Yesterday, Anna, Sofie and I spent all day in downstate Illinois near Lincoln. One of our “adopted grandparents” died this past weekend, and we went to the funeral.
Glenn and Mildred Baker lived across the street from us in the small town where I last pastored. They were Presbyterians, but since the church were I ministered was literally across the lot from their home, they had had ongoing relationships with several of my predecessors, and, of course, with various church members.
When Anna and I first moved in to the parsonage and I began my role as senior pastor, I was encouraged by our church treasurer, the late Lynn Edwards, to go over and introduce myself to Glenn. As things turned out, I was too busy in my first weeks to do other than wave at Glenn as he mowed his lawn on his John Deere lawn tractor. But introductions to the Bakers were soon taken care of, when, shortly after we arrived, Mildred walked across our back lawn to bring us cookies as we stood on the back porch talking to a neighbor. Soon we were eating dinner at their place with some regularity.
The Bakers were farmers, and, when we met them, in their eighties. They had seen their share of heartache. Their first child, Samuel, died in infancy. Their only other child, Sandra, almost ten years prior to our arrival at the church there in town, died at age forty in a car accident. In typical Midwestern farmer tradition, they remembered often, grieved a little, and went about their daily chores and routines.
Glenn and Mildred were careful to watch over our welfare, being young, newlweds, and having signed on to serve a church with a history of turmoil. When Anna needed new tires on her car, since she was travelling almost an hour one way to finish her bachelor’s degree, the Bakers bought them. When they learned our microwave had gone on the fritz, they gave us one that they’d “just had laying around.” They were frugal to the point of eccentricity. Glenn would wear the same pair of overalls till they were falling off his body–though he had a brand new pair still in the package waiting to be worn.
When we left the church, the Bakers were both angered at what had happened to us, and saddened that it had happened. Since we remained in the area, never more than an hour away, we visited frequently and kept in touch. When we left Illinois for Baton Rouge, so Anna could go to library school, we quite literally on our way out of town visited Mildred, who’d just broken her hip, as she recovered in the hospital. There we were, Ryder truck towing our car and our two cats and a ferret, parked illegally, but visiting the Bakers.
When we returned to Illiniois, to live and go to school in Chicago, we continued to visit the Bakers. Mildred, of course, had gone from the broken hip right in to the nursing home. Glenn every morning would wake, go argue politics at the local hangout, then head to the nursing home to have breakfast with Mildred. He would often eat lunch and dinner there. The separation was difficult for him, and it was challenging for him to keep the house, so he put his affairs in order, and moved in to the same facility as Mildred. He would then be able to have all his meals with her.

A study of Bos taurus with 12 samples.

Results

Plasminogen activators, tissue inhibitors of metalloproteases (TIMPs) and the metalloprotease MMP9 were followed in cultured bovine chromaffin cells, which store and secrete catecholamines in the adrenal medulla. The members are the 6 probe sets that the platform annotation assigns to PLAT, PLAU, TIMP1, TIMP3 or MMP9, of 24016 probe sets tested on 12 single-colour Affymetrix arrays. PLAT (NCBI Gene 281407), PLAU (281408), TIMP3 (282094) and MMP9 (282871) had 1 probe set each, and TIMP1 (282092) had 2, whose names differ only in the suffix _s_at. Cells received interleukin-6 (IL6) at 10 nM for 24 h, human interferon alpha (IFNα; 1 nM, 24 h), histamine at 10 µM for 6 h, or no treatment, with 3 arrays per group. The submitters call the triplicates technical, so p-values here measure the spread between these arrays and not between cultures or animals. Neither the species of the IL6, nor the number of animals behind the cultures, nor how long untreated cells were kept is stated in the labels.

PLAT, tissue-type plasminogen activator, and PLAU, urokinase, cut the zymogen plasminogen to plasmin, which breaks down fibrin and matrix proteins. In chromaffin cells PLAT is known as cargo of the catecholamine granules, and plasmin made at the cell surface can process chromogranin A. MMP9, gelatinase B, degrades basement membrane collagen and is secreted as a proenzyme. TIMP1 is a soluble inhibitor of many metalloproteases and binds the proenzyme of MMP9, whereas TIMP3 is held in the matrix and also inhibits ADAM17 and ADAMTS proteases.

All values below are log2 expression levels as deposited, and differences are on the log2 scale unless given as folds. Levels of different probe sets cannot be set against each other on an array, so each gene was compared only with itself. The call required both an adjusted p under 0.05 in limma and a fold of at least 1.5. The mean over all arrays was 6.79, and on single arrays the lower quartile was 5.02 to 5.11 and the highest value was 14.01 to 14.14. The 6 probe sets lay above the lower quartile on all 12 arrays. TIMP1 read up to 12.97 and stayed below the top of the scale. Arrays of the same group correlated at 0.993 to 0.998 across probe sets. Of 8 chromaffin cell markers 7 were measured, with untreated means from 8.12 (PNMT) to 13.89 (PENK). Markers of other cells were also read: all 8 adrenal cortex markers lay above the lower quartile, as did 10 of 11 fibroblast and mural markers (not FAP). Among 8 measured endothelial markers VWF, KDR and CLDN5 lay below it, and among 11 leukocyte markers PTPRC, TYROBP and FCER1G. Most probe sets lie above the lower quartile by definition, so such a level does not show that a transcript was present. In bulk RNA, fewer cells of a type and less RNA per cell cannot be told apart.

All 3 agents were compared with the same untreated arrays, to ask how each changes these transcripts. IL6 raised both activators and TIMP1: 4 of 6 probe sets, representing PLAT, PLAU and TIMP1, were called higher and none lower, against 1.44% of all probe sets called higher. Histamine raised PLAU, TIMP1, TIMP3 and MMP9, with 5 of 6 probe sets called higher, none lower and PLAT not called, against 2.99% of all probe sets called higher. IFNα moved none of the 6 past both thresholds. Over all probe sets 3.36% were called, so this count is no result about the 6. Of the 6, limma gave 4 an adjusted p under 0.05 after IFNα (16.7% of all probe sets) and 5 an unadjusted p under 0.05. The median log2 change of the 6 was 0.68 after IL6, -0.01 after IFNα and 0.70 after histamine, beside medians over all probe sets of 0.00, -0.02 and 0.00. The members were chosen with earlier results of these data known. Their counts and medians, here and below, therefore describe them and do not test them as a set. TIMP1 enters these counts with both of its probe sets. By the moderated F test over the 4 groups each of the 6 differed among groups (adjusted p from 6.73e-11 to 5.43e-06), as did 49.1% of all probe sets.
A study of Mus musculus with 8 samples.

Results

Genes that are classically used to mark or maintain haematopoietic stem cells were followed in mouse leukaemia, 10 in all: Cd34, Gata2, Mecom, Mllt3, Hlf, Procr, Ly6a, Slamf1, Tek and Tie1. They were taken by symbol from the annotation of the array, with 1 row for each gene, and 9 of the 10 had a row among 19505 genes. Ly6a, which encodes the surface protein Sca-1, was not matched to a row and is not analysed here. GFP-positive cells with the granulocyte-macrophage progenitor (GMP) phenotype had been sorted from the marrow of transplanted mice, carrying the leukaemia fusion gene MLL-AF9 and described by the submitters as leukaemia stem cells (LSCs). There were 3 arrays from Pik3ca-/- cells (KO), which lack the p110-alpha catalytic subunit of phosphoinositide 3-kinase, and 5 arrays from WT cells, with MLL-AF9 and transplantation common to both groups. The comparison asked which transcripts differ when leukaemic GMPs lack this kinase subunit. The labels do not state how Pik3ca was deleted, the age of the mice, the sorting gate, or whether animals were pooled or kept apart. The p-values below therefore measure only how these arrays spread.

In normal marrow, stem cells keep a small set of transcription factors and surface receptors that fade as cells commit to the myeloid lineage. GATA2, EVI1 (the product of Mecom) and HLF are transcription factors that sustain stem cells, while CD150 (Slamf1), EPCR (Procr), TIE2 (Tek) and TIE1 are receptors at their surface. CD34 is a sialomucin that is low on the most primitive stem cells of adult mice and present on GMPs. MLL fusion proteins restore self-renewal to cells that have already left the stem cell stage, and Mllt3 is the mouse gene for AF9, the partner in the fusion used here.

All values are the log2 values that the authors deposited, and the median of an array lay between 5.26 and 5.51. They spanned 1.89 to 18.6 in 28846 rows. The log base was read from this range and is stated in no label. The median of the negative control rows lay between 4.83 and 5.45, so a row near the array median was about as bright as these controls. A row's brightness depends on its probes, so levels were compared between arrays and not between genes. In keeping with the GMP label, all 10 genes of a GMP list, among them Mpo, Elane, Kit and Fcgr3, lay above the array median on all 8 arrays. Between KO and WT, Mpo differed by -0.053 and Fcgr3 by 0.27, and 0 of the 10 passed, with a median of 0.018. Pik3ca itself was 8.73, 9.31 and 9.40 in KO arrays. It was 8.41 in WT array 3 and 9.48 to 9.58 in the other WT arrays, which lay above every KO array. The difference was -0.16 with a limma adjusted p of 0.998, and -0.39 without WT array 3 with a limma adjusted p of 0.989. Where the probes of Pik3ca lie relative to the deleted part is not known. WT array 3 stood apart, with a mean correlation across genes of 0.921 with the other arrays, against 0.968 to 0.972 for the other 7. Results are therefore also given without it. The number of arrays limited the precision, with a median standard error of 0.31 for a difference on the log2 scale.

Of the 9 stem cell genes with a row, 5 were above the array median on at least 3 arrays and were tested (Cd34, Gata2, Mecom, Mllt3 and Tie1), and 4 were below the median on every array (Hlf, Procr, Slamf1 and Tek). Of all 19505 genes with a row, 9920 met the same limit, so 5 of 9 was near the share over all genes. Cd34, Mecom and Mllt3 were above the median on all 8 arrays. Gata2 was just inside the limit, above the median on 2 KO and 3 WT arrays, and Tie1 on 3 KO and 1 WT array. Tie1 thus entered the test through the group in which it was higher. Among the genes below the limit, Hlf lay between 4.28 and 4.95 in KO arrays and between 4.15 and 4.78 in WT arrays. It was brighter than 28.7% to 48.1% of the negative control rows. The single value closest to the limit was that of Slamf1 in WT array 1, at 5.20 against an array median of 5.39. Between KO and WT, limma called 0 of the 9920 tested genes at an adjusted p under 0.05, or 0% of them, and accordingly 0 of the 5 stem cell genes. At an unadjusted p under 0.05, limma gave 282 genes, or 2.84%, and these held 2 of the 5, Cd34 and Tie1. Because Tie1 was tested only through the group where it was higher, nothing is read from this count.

Glenn died on Christmas Eve 2001. Though I was asked to officiate at his funeral, I hadn’t pastored in some years, and truth to tell, I was too shocked and saddened to do so. Glenn’s death was unexpected. We went to the funeral and said our goodbyes.
News of Mildred’s death this week, however, was not unexpected. Shortly after arriving in the nursing home, she began to deteriorate badly. She soon lost her ability to communicate, though she seemed to recognize us when we visited. Not long after that, she lost conscious awareness of her surroundings. Though we did not know it, in the last several weeks, she’d stopped eating, and they were having trouble getting her the nutrition she needed. She died Sunday, coincidentally my birthday. She was ninety-three years old.
She has a sister-in-law and her granddaughter who have survived her. The rest of those in attendance were her former school children. Mildred taught at a one-room school house not twenty miles from the funeral home, and only miles from her gravesite, and a good dozen of her pupils, themselves in their seventies, came to pay their respects and to say goodbye.
As Anna and I drove around the area yesterday, we remembered why it was that we love small towns. Everyone knows everyone. Though you’d nearly run your neighbor off the road to get your beans in to the elevator and get the best possible price, you also know that disaster is nor respector of persons. When tragedy hits, you help your neighbor. I’ve seen farmers who otherwise would be at one another’s throats, join hands to help another farming family make ends meet. I suppose that when you farm, you risk your entire family’s livelihood and your own sense of self-worth everyday. A life like that will either solidify your vices, or at least make an honest man out of you.
We relived a lot of memories. Our year and a half in that small town was in a lot of ways a very difficult time. But there were many good memories that we were able to revisit yesterday. Including all of the ones involving the Bakers.
May the Lord grant rest to the soul of Mildred N. Baker. May her memory be eternal.